By Eric Tucker and Pete Yost
Calls for the Justice Department to look into the shooting death of Trayvon Martin reverberated as soon as George Zimmerman was acquitted of state charges in a Florida courtroom, but it may be even tougher to mount a federal case against Zimmerman.
The department says it's reviewing evidence to determine whether criminal civil rights charges are warranted, but legal experts see major barriers to a federal prosecution — including the burden of proving that Zimmerman, the former neighborhood watch leader, was motivated by racial animosity — and say Justice officials would likely be saddled with some of the same challenges that complicated the unsuccessful state case.
"The Justice Department would face significant challenges in bringing a federal civil rights case against Mr. Zimmerman," said Alan Vinegrad, the former U.S. Attorney in the Eastern District of New York. "There are several factual and legal hurdles that federal prosecutors would have to overcome: They'd have to show not only that the attack was unjustified, but that Mr. Zimmerman attacked Mr. Martin because of his race and because he was using a public facility, the street."
The department opened an investigation into Martin's death last year but stepped aside to allow the state prosecution to proceed. It said in a statement Sunday that the criminal section of its civil rights division, the FBI and federal prosecutors in Florida are continuing to evaluate the evidence generated during the federal investigation, plus evidence and testimony from the state trial. The statement came as the NAACP and others called on the Justice Department to open a civil rights case against Zimmerman for the shooting death of the unarmed black 17-year-old young man.
Zimmerman was acquitted Saturday night in a February 2012 shooting that tapped into a national debate about racial profiling, equal justice and self-defense. Civil rights leaders, Martin's parents and many others said Zimmerman had racially profiled Martin when he followed the teenager through a gated townhouse community and shot him, but Zimmerman said he was physically assaulted by Martin and shot the teenager in self-defense.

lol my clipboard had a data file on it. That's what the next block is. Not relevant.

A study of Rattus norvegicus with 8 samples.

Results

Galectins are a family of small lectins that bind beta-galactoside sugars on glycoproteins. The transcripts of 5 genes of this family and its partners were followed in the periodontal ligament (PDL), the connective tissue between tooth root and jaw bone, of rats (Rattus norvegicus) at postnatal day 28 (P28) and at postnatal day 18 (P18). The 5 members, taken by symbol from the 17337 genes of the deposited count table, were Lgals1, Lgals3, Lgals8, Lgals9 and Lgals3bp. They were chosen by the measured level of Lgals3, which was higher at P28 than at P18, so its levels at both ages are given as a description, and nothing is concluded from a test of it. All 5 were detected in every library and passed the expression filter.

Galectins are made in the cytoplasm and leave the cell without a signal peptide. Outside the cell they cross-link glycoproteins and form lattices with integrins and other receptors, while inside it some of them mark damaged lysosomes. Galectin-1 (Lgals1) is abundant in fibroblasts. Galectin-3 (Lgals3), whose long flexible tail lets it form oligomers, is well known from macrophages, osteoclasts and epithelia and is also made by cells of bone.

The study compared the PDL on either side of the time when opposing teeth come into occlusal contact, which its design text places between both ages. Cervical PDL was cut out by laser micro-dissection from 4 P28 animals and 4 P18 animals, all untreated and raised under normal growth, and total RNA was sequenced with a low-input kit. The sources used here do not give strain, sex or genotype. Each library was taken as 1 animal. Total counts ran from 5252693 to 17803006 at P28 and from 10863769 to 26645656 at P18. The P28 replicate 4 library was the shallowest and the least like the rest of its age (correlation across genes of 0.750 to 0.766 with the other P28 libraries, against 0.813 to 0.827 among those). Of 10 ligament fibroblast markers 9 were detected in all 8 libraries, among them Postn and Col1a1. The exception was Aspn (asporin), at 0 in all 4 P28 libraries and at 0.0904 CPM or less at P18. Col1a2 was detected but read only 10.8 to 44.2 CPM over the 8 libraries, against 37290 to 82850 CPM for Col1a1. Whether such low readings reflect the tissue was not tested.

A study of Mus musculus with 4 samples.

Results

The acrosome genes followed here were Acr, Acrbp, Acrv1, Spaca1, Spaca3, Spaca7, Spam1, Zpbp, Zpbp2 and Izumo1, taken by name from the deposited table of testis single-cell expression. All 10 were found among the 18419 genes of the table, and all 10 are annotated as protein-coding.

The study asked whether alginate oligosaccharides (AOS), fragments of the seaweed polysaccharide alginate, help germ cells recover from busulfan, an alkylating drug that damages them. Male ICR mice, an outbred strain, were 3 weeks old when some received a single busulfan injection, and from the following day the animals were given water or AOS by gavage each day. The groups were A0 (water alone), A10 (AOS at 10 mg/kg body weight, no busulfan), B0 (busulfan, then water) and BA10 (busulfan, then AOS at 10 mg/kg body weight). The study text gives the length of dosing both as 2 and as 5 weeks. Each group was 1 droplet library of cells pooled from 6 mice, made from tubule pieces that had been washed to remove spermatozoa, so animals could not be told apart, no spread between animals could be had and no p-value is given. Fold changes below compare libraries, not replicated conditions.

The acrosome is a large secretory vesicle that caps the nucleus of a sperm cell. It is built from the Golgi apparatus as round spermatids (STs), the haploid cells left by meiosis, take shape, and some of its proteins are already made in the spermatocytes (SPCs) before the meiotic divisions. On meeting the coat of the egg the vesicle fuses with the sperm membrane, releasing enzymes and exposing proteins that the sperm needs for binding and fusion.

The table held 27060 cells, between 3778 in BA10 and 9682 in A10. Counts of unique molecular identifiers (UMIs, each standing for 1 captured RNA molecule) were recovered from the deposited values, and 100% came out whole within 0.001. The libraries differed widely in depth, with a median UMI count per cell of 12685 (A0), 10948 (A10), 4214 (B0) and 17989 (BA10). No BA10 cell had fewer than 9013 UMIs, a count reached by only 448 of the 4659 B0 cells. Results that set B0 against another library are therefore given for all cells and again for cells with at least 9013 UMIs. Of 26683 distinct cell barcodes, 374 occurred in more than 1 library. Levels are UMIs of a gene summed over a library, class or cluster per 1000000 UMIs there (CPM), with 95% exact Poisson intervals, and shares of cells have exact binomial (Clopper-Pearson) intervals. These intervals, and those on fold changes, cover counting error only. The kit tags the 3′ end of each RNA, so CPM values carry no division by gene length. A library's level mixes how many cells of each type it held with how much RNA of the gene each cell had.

“As a criminal defense attorney I need to say that justification or self defense is a legal concept that must be disproved beyond a reasonable doubt,” said Jay H. Schwitzman, president of the Kings County Criminal Bar Association. “From what I read, the prosecution failed to do this and so Zimmerman was acquitted.”
Members of the New York Congressional Delegation are asking for a federal investigation. On July 15th, Representatives Charlie Rangel, José Serrano, Jerrold Nadler, Nydia Velazquez, Gregory Meeks and Hakeem Jeffries held a press conference outside Manhattan’s Federal District Courthouse on Pearl Street to call upon the Department of Justice to conduct an immediate and thorough investigation to determine if federal civil rights laws have been violated.
Though the Justice Department does have an established history of using federal civil rights laws to try to convict defendants who have been previously acquitted in related state cases, experience shows it's almost never easy getting guilty verdicts in such high-profile prosecutions. In this case, federal prosecutors pursuing a civil rights case would need to establish, among other things, that Zimmerman was motivated by racial animosity, even though race was barely mentioned at the state trial.
“Trayvon Martin's death was senseless and he was profiled based on race, said Schwitzman.
Lauren Resnick, a former federal prosecutor in Brooklyn who secured a conviction in the killing of an Orthodox Jew during the 1991 Crown Heights riots in Brooklyn, said the Justice Department could conceivably proceed under a theory that Zimmerman interfered with Martin's right to walk down a public street based on his race.
But even that is difficult since the conflict occurred in a gated community, which may not fit the legal definition of a public facility. Prosecutors would also probably need to prove that trailing Martin on the street constituted interference, Resnick said.
"One could argue it did, if it freaked him out and he couldn't comfortably walk down the street — there's an argument here," said Resnick, who now specializes in white-collar defense and commercial litigation
But, Resnick continued, federal prosecutors were likely to encounter the same hurdles as state prosecutors in establishing that Zimmerman was driven by racial animus and was the initial aggressor, as opposed to someone who acted in self-defense. "When you have a fact pattern where one person's alive and one person's not, and the person alive is the defendant, it's hard to prove things beyond a reasonable doubt," she said.
“We need to educate each and every person so that racism does not factor in our actions, “ Schwitzman noted in a heartfelt response to the Zimmerman verdict. “Interacting with different races and cultures is the first step in learning that each of us have a heart and feel the same pain and joy.
“Each of us must teach our children better then we were taught and interacting with different races and cultures helps teach a child that all of us are the same despite how we dress or act. Action is needed more then opinions. I hope society learns from the Trayvon Martin tragedy so that the same mistakes are not repeated,” he said.
Charisma L. Miller, Esq. of the Brooklyn Daily Eagle contributing.